Lee Tarver, 63, suffers from pica, an eating disorder that many may deem bizarre. The Columbus, Georgia, administrative assistant has to get her daily fix of starch and not on clothing. She loves eating cornstarch right out of the box. Lee admits her craving is not the norm. “I don’t cook with it, I just consume it in its powdery form. Sometimes I find myself going through two boxes of cornstarch a day. I’ll also resort to eating pieces of chalk and baby powder if I can’t get my cornstarch fix,” admits the grandmother of two. “And I can’t seem to stop this addiction. I just love the texture of the substances as I chew them.” Lee claims, that eating the nonfood items has so far not seriously hurt her.
What is pica?
Lee is part of a surprisingly growing number of people who suffer from (pronounced “PIE-ka”), the consistent compulsion to eat things that should not be consumed. According to medical literature, people who suffer from this disorder have been known to eat relatively harmless items or potentially dangerous items that can harm them. Folks with the disorder might eat something like paper and a lot more besides: dirt, ashes, insects, grass, cigarette butts, paste, paper, paint chips, metal, cornstarch, ice, sand, baby powder, matches, cardboard, hair, laundry detergent, chalk, and soap, among other things.
Dirt is, in fact, a favorite among pica eaters.
Some of these strange nonfood-food obsessions have names of their own. Geophagia is clay eating. Pagophagia is ice-eating. Amylophagia is cornstarch eating. Geophagia is especially common in older Black women who live in the south. Some pica sufferers even crave their own hair, eating it by the handfuls until it wads in their stomachs and requires surgery.
Why do some people eat non-food items?
Cornell University’s assistant professor of global health and nutrition, Sera Young, Ph.D., says it’s often thought that slaves introduced the practice of pica to the U.S. from sub-Saharan Africa during the trans-Atlantic slave trade. But Dr. Young says this behavior was practiced independently among Native American populations long before Columbus arrived. Many slaves in the south during the 1800s were known to have consumed clay and soil. During the ’50s and ’60s, the practice of eating clay was still so popular in the south that lunch bags filled with the substance were actually sold at Alabama bus stops as snacks for travelers. Family/friends who went north would oftentimes receive packages from folks in the south full of bags of clay for consumption. There are some estimates that state how clay-eating goes back as far as 200 years.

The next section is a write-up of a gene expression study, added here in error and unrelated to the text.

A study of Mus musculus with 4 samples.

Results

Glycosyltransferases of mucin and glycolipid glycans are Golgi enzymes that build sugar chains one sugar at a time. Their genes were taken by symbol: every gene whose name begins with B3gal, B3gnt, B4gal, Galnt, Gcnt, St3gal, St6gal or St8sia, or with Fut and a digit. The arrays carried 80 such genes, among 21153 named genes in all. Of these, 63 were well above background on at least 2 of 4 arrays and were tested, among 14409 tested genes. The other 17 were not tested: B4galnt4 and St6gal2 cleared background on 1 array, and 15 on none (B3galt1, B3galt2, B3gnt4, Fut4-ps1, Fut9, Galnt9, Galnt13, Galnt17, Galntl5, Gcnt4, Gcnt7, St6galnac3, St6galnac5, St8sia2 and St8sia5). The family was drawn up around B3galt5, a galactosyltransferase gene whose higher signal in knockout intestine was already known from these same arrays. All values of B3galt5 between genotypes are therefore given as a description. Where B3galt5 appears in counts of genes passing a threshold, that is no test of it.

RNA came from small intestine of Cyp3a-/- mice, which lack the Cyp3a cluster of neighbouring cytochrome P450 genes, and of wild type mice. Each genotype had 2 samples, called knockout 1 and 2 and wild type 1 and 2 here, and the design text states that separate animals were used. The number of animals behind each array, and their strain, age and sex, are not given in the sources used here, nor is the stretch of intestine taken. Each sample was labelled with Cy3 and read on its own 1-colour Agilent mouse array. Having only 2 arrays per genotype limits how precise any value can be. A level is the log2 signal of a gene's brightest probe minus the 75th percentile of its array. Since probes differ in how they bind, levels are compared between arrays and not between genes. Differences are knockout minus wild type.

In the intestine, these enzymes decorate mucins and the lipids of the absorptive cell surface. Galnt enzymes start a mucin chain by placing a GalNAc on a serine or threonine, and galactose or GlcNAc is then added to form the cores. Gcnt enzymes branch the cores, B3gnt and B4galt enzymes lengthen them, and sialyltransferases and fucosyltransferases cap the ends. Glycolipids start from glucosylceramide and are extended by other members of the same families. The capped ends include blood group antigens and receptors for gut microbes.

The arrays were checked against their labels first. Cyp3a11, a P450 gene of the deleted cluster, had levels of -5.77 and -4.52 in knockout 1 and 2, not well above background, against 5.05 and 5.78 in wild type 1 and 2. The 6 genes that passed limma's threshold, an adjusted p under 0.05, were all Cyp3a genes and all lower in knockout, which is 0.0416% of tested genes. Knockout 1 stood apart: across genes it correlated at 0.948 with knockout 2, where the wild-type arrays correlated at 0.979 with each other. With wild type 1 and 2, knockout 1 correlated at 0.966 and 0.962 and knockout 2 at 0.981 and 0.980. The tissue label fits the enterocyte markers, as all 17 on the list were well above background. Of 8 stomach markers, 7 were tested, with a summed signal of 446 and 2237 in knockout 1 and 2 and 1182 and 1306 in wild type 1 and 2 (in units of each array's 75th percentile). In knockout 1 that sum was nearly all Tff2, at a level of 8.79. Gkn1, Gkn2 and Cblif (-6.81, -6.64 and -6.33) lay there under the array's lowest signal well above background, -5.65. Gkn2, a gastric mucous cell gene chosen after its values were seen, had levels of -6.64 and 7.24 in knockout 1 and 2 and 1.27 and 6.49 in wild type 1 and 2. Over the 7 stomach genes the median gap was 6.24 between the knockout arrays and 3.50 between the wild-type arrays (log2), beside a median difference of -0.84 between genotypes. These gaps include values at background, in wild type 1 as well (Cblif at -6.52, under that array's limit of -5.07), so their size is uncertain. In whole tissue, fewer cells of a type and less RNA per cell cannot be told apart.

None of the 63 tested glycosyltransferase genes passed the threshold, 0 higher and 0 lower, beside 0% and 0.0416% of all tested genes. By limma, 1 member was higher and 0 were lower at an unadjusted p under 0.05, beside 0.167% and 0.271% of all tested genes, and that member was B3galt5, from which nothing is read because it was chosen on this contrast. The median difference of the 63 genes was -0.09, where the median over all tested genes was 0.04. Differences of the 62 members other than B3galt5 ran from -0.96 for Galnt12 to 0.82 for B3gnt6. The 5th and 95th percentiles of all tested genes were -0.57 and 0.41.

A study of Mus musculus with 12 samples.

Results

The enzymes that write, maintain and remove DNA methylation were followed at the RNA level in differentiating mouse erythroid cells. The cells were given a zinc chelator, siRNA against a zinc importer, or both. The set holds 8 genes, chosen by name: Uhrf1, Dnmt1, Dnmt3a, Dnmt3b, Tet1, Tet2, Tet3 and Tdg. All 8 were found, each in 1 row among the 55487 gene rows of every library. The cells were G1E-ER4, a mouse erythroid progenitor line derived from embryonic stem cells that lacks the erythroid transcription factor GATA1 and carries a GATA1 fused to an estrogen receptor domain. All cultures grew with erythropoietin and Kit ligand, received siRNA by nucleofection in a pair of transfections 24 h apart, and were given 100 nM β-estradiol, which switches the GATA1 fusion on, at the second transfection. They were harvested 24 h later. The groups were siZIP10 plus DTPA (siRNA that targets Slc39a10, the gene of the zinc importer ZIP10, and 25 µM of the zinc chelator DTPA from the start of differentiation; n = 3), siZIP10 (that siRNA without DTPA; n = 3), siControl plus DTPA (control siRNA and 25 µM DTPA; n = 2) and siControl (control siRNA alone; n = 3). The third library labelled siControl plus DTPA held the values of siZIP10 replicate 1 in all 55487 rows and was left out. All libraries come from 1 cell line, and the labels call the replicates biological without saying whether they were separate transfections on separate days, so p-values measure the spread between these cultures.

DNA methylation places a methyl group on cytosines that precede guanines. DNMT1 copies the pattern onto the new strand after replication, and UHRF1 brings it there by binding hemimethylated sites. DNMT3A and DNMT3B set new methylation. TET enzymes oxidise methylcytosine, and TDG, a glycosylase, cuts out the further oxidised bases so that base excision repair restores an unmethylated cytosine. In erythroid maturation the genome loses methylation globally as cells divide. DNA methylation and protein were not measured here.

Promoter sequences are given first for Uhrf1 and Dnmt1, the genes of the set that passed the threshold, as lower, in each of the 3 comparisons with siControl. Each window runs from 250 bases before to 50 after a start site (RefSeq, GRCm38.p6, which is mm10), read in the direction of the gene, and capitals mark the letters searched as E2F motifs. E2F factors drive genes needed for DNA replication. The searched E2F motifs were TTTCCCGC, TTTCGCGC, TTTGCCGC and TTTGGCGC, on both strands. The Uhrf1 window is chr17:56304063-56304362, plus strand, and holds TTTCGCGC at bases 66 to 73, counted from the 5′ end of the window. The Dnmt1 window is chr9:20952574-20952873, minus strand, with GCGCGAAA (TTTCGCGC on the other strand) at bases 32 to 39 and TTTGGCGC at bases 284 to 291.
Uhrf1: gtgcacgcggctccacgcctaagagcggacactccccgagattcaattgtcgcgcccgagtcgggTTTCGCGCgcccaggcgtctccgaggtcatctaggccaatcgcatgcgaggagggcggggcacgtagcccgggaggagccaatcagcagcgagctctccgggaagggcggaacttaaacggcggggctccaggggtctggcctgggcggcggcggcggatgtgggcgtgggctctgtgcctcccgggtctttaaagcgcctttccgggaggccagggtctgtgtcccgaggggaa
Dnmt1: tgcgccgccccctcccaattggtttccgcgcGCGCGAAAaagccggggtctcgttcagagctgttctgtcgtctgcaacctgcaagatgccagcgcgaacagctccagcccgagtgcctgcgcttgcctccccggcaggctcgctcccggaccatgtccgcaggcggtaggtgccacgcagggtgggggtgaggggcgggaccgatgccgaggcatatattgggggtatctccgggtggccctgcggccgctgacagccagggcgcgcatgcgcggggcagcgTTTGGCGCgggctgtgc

There are oftentimes cultural reasons for consuming the inedible items. For example, pica is practiced in a few areas in Nigeria, where people eat kaolinite (a kind of clay) to get rid of diarrhea. In some parts of Mexico, magnesium carbonate blocks are sold in drug stores and labeled cathartic. Dirt has been used as a remedy to cure nausea in pregnant women during their first trimester in certain parts of Australia and the Middle East. Besides helping to subside nausea, there are also those who also believe that the minerals found in dirt can actually enhance fertility.
What are the complications from pica?
- Nutritional deficiencies
- Gastrointestinal blockages, constipation, intestinal or esophageal damage
- Infestations from parasites like tapeworms
- Bacterial infections
- Brain damage, learning disabilities, or even death (from paint chips, for example)
- Damage to teeth and gums (from ice or twigs)
- Hypertension (from baking soda)
How is pica treated?
Folks don’t typically want to reveal their addiction, either because they are embarrassed or see nothing wrong with what they are doing. The first step in getting cured of pica is to admit to a physician that there is a problem. Unfortunately, doctors can’t tell whether their patients are consuming nonfoods. It is still also not known if pica is caused by vitamin and mineral deficiencies or if it is a learned social habit. Most people with pica suffer from iron or zinc deficiencies. But doctors are not sure if the deficiency triggers the craving or if the craving creates the deficiency.
Before a patient receives a diagnosis of pica, the pattern of behavior must be present for at least a month. Since lead poisoning has been associated with pica, close medical monitoring is necessary while the patient is being treated for the condition. A physician will also oftentimes work in collaboration with a mental health professional who is knowledgeable in the treatment of pica because it has also been classified as a psychiatric condition. People with certain mental health conditions, such as schizophrenia and obsessive-compulsive disorder (OCD), may develop pica as a coping mechanism.
There are no lab tests for pica. If a physician is informed by the patient about their disorder, they will then assess for mineral or nutrient deficiencies, blocked intestinal issues, possible toxicity, or even parasites from the non-food items that were eaten. A series of blood work, x-rays, and other tests may also be done to ensure there are no severe health issues. A physician might recommend a course of vitamins that can be added to a daily regimen in hopes of correcting any deficiencies.
For more information about pica, contact the National Eating Disorders Association or call 800-931-2237.